Advanced software helps improve loan decision making
How Is Loan Decisioning Software Being Used?
Big Data has helped organizations in a number of industries better understand and predict the behaviors of their customers. By scanning thousands of pieces of data, sophisticated loan decisioning software can help lend valuable insight into behavioral characteristics and patterns. Lenders are increasingly turning to these higher-level solutions to evaluate the creditworthiness of borrowers.
These types of analytical solutions are being embraced by online lenders to higher degrees of use, as they can provide the fast decisions that borrowers have come to expect from this market. The New York Times explored how alternative lender ZestFinance has leveraged such software, and the challenges that have come with it.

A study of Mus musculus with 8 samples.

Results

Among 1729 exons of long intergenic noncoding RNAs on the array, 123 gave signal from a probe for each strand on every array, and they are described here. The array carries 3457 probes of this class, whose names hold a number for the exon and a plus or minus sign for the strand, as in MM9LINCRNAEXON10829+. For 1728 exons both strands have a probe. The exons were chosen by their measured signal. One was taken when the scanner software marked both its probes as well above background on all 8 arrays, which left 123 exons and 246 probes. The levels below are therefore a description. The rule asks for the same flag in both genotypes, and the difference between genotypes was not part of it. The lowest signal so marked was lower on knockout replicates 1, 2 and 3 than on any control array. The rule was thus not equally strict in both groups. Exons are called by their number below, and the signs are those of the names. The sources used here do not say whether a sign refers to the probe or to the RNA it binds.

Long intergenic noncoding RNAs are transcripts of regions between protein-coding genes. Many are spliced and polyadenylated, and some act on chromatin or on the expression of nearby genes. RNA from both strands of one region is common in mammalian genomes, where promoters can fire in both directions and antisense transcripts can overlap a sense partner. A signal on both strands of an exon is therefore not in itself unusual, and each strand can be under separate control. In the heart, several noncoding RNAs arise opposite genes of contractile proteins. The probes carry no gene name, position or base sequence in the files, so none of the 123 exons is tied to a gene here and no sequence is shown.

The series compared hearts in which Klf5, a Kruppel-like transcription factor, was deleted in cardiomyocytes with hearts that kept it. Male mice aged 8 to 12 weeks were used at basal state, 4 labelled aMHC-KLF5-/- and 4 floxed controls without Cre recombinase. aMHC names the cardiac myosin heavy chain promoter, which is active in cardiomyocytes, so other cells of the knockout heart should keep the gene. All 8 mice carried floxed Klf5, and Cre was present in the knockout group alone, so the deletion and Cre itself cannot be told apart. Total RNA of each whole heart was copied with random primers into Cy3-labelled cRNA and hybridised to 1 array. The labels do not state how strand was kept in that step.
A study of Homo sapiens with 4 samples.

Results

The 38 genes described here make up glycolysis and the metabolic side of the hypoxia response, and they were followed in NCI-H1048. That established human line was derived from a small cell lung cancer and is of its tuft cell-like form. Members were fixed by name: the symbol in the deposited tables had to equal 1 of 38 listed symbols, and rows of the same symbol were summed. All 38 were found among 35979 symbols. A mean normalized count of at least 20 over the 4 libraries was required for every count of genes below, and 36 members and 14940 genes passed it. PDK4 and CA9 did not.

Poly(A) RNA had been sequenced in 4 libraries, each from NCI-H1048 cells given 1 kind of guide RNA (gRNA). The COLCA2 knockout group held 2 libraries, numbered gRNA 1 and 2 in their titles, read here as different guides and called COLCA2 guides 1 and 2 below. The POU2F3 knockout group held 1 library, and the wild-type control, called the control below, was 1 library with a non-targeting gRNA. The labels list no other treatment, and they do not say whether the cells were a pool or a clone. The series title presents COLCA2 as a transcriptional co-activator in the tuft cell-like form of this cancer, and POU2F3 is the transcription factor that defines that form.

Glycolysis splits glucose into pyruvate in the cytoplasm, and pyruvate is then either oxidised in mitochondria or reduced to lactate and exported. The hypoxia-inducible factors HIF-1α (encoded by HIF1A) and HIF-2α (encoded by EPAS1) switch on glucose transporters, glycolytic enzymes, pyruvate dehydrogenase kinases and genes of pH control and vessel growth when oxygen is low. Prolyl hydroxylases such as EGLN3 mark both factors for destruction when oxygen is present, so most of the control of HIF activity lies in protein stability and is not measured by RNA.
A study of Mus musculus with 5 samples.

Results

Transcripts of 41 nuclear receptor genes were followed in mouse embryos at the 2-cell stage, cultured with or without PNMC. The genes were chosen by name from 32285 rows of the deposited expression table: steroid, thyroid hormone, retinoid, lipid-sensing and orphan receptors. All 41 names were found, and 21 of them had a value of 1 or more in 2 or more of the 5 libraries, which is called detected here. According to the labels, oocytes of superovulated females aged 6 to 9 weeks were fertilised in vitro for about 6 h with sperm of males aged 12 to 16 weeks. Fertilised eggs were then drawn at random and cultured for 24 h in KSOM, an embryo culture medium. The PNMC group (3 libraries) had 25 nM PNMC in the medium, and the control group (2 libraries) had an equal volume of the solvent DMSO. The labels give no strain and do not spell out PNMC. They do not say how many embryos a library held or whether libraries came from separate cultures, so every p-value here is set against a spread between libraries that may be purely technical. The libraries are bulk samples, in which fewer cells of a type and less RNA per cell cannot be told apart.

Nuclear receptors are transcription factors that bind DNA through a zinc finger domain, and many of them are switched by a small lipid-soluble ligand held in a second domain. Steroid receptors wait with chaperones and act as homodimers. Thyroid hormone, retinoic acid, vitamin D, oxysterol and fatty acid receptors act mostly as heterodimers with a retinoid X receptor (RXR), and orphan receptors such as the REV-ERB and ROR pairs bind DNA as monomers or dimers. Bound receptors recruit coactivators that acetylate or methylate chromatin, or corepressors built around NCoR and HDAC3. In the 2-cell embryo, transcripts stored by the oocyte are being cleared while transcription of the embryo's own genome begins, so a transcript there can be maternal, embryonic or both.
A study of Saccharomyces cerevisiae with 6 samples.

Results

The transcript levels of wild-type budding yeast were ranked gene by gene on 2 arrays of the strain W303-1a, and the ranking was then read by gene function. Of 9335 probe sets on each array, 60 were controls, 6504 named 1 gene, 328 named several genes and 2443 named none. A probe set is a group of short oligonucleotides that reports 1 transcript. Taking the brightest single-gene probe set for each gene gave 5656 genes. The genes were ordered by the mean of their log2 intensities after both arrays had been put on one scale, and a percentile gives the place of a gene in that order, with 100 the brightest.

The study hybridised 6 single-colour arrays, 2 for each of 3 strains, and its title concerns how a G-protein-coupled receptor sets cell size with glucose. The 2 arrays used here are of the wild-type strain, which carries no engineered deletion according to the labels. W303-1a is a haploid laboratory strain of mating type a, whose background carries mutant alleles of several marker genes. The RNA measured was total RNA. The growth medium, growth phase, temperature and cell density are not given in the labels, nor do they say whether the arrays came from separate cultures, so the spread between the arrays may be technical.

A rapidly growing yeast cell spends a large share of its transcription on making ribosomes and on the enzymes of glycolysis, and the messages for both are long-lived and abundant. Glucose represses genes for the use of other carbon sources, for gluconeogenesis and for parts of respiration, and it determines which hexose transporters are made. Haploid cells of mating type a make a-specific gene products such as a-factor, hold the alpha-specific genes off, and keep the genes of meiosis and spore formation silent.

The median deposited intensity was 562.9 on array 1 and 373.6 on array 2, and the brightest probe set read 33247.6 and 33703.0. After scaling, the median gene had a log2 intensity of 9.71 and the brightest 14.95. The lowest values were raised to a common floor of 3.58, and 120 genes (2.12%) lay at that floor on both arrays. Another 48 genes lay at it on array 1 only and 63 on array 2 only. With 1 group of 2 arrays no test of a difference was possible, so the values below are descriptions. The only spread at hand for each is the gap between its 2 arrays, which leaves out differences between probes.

Since its start in late 2010, ZestFinance has underwritten more than 100,000 loans, and is currently authorized in seven states. Douglas Merrill, the company's founder, attributes his success to the data-sifting algorithms that are being constantly updated to perform more accurate underwriting. However, despite a solid track record of offering convenient lower cost loans, ZestFinance has drawn the concern of regulators at the Federal Trade Commission.
"I have no doubt that they have come up with neat correlations that are predictive," the Federal Trade Commission Aaron Rieke told the source. However Rieke added that "we have no idea how to talk about or assess the fairness of their predictions."
Loan Decisioning Practices
While ZestFinance expressed confidence that these concerns will fade with time, lenders still need to be remain vigilant that their loan decisioning practices are in compliance with both existing and emerging regulations. The Consumer Financial Protection Bureau wants to encourage innovation, but is monitoring these underwriting solutions carefully, according to Patrice A. Ficklin, head of its fair lending office.
Lenders can best mitigate risk by ensuring that their credit risk software is capable of drawing on alternative data sources that are in compliance with current rules.